Historic lighthouses can be found on both coasts, the Gulf of Mexico, and the Great Lakes. Today I’m featuring the Wind Point Lighthouse near Racine, Wisconsin. My husband grew up about a mile from this lighthouse, so we visited the lighthouse during one of our trips to Grandma’s house.
The Wind Point Lighthouse is on the National Register of Historic Places, for good reason. It became operational in 1880, making it one of the oldest active lighthouses on the Great Lakes. It stands at 108 ft., so it’s one of the tallest, too, and it was only the second lighthouse on the Great Lakes to become electrified when its kerosene lamp was replaced with a 300-watt light bulb in 1923. If you’d like to read the details on the sign, click on the picture and it will link to a larger version of the photo.
The lighthouse grounds are open as a park to the public 365 days a year, from sunrise to 11 p.m. You can pack a picnic lunch, or just wander along the shore.
My kids and their cousins enjoyed climbing on the rocks and just exploring.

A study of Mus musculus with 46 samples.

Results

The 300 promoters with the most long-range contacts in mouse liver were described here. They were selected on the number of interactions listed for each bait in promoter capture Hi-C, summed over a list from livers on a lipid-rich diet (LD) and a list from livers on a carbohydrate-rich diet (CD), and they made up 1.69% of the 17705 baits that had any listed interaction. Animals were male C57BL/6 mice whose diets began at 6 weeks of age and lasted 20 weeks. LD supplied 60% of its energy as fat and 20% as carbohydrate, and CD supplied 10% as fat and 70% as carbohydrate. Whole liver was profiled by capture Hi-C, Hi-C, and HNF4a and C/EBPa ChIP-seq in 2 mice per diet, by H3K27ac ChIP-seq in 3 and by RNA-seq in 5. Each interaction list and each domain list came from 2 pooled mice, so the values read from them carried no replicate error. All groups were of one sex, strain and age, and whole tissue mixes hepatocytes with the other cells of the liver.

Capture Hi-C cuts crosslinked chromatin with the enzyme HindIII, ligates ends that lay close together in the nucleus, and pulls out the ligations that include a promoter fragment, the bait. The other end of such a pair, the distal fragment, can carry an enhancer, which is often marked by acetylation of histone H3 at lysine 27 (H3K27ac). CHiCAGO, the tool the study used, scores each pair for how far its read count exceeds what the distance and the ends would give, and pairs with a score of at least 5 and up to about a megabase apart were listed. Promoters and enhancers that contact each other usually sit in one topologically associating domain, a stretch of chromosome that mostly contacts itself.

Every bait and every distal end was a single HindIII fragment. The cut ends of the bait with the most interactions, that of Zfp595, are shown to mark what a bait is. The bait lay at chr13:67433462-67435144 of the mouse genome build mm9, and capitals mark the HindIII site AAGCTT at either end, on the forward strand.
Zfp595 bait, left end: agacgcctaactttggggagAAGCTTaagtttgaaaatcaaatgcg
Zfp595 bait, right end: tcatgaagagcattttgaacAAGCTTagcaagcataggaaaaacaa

We also found some driftwood on the shore.
The lighthouse has a small museum onsite, but it wasn’t open during our visit. It is typically open weekends from noon to 4 pm. Tours of the lighthouse, including a climb to the top, are offered just a few times a year, typically the first Sunday in July, August, and September.
The Friends of Wind Point Lighthouse have a website with official hours and tour dates.
Would you like to visit a lighthouse, but aren’t headed to Wisconsin anytime soon? Check out this cool interactive map. Click on a state and you’ll see the locations of lighthouses.
Have you visited or toured a lighthouse that you’d like to tell other readers about? Please leave a comment and tell us about it.